People are calling to reduce meat and dairy consumption because the livestock farming significantly contributes to the greenhouse gas problem. There is also concern that meat consumption would have a detrimental effect on human health.

The reality is that both the footprint and nutritional value of beef and dairy are determined by how it is produced!

Grazers such as buffalo, goats, sheep, camels, giraffes, reindeer, antelope, and bison were present in greater numbers before the Industrial Revolution than they are today. There would be an overwhelming accumulation of methane in the atmosphere during these times….

Methane from livestock farming has a short cycle, meaning that the methane is generally recycled rather than released into the atmosphere. Industrial emissions, on the other hand, end up in the atmosphere much earlier. A similar tendency can be seen in the evaporation of water, which has a short cycle as it evaporates through grasslands (which largely returns as dew at night).

In addition, life cycle assessments show that on properly managed perennial grasslands with good grazing, carbon in the soil is recorded as stable humus. Resulting in more sequestered carbon than is emitted, which easily offsets livestock-produced methane.

It is important to note that not every piece of beef has the same footprint!

The amount of energy required per unit of protein produced from grain-fed beef is approximately 2 times greater than 100% grass-fed beef. This is due to the high energy requirement of fertilizers, concentrates, fuels and grain production.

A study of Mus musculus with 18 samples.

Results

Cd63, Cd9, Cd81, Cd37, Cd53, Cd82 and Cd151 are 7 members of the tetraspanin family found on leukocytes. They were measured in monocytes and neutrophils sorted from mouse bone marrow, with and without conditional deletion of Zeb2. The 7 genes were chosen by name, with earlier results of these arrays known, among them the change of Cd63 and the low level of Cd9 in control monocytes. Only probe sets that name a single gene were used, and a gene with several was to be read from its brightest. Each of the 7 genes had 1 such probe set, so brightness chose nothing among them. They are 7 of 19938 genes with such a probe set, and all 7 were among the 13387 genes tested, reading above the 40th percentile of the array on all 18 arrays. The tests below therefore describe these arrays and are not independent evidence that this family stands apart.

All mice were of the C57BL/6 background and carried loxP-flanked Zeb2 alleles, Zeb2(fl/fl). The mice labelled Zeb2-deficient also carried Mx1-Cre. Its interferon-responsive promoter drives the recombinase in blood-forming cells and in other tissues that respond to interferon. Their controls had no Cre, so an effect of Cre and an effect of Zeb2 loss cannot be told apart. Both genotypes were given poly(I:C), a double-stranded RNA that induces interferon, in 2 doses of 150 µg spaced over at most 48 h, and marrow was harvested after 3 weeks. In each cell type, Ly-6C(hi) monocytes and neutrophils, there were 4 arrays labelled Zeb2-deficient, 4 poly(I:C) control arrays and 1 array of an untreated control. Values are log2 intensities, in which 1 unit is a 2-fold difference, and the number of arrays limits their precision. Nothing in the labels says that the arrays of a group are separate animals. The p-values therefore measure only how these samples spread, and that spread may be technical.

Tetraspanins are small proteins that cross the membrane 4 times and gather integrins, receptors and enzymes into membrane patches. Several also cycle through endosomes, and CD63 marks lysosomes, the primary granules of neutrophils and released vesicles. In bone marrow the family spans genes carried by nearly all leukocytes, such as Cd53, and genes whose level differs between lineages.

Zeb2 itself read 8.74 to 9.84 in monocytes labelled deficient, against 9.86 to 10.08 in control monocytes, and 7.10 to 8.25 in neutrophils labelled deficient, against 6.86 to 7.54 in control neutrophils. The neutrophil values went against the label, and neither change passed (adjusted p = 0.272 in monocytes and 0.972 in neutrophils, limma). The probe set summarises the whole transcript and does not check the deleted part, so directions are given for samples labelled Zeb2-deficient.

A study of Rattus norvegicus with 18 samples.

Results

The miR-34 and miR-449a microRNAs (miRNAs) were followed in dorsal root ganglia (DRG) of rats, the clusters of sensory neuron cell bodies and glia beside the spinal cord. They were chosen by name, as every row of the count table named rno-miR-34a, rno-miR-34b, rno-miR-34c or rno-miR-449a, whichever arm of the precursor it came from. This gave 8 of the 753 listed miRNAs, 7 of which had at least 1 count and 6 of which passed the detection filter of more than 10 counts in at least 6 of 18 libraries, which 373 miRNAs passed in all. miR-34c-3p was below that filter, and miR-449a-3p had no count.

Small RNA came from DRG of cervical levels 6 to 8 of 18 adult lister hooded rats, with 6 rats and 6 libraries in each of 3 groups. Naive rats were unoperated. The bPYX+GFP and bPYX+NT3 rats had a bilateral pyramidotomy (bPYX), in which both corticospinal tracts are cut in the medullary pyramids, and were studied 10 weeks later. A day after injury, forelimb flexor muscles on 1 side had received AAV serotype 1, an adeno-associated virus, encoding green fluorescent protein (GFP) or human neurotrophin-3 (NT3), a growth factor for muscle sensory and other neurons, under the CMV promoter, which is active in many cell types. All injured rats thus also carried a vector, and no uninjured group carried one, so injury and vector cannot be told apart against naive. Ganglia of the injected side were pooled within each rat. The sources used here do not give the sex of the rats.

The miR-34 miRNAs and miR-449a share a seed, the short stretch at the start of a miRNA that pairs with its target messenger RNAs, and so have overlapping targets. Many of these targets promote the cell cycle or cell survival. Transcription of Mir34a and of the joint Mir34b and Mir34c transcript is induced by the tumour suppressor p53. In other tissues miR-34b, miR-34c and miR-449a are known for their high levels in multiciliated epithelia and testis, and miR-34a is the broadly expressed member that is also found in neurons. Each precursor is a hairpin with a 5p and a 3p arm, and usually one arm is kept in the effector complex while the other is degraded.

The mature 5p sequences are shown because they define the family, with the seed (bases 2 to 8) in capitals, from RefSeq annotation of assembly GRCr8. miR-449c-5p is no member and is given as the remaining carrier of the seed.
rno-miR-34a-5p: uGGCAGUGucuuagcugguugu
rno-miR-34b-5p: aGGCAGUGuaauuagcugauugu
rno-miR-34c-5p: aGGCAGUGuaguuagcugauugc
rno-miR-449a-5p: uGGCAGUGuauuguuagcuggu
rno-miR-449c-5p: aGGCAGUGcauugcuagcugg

The gap between grass-fed and grain-fed meat becomes even wider when we take CO2 production into account. Grazers recycle carbon like all living things do. It is not possible for any animal to add 'new' carbon to the atmosphere. However, CO2 emissions from grain-fed meat can be high due to the fossil fuel required for its production, distribution and application.

There are also plenty of health reasons for a return of 100% grass-fed meat. Omega-3 and omega-6 fatty acids are considered “essential fatty acids” because they cannot be produced by the body. It is important that these fatty acids are consumed in balance. Western diets high in grain products and/or vegetable oils such as sunflower, soy and peanut oil and margarines often contain 10 to 20 times more omega 6 than omega 3, a trend that has been linked to an increased risk of obesity, heart disease, dementia, depression and learning disabilities.

The omega-3 fatty acid DHA is found in significant amounts in green food think to grasses, shamrocks and spices. Research has shown that many of the existing health problems we face in the Western world are associated with red meat consumption, mainly related to grain-produced beef. In addition to a better balance of omega fatty acids, 100% grass-fed meat contains 3 to 5 times more conjugated linoleic acid (CLA) when compared to grain-fed beef.

A carbon friendly businessmodel within the production of beef and dairy is more than possible, it is essential. Good grazing in combination with polycultures is a powerful tool for soil carbon sequestration, methane oxidation, improvement of nutrient cycling, improvement of water retaining properties and the improvement of the biodiversity.

But above all, beef and dairy producers are food producers, which we need, we can't live without! – Grass-produced beef and dairy are healthy and mineral-rich foods with an excellent balance of essential fatty acids.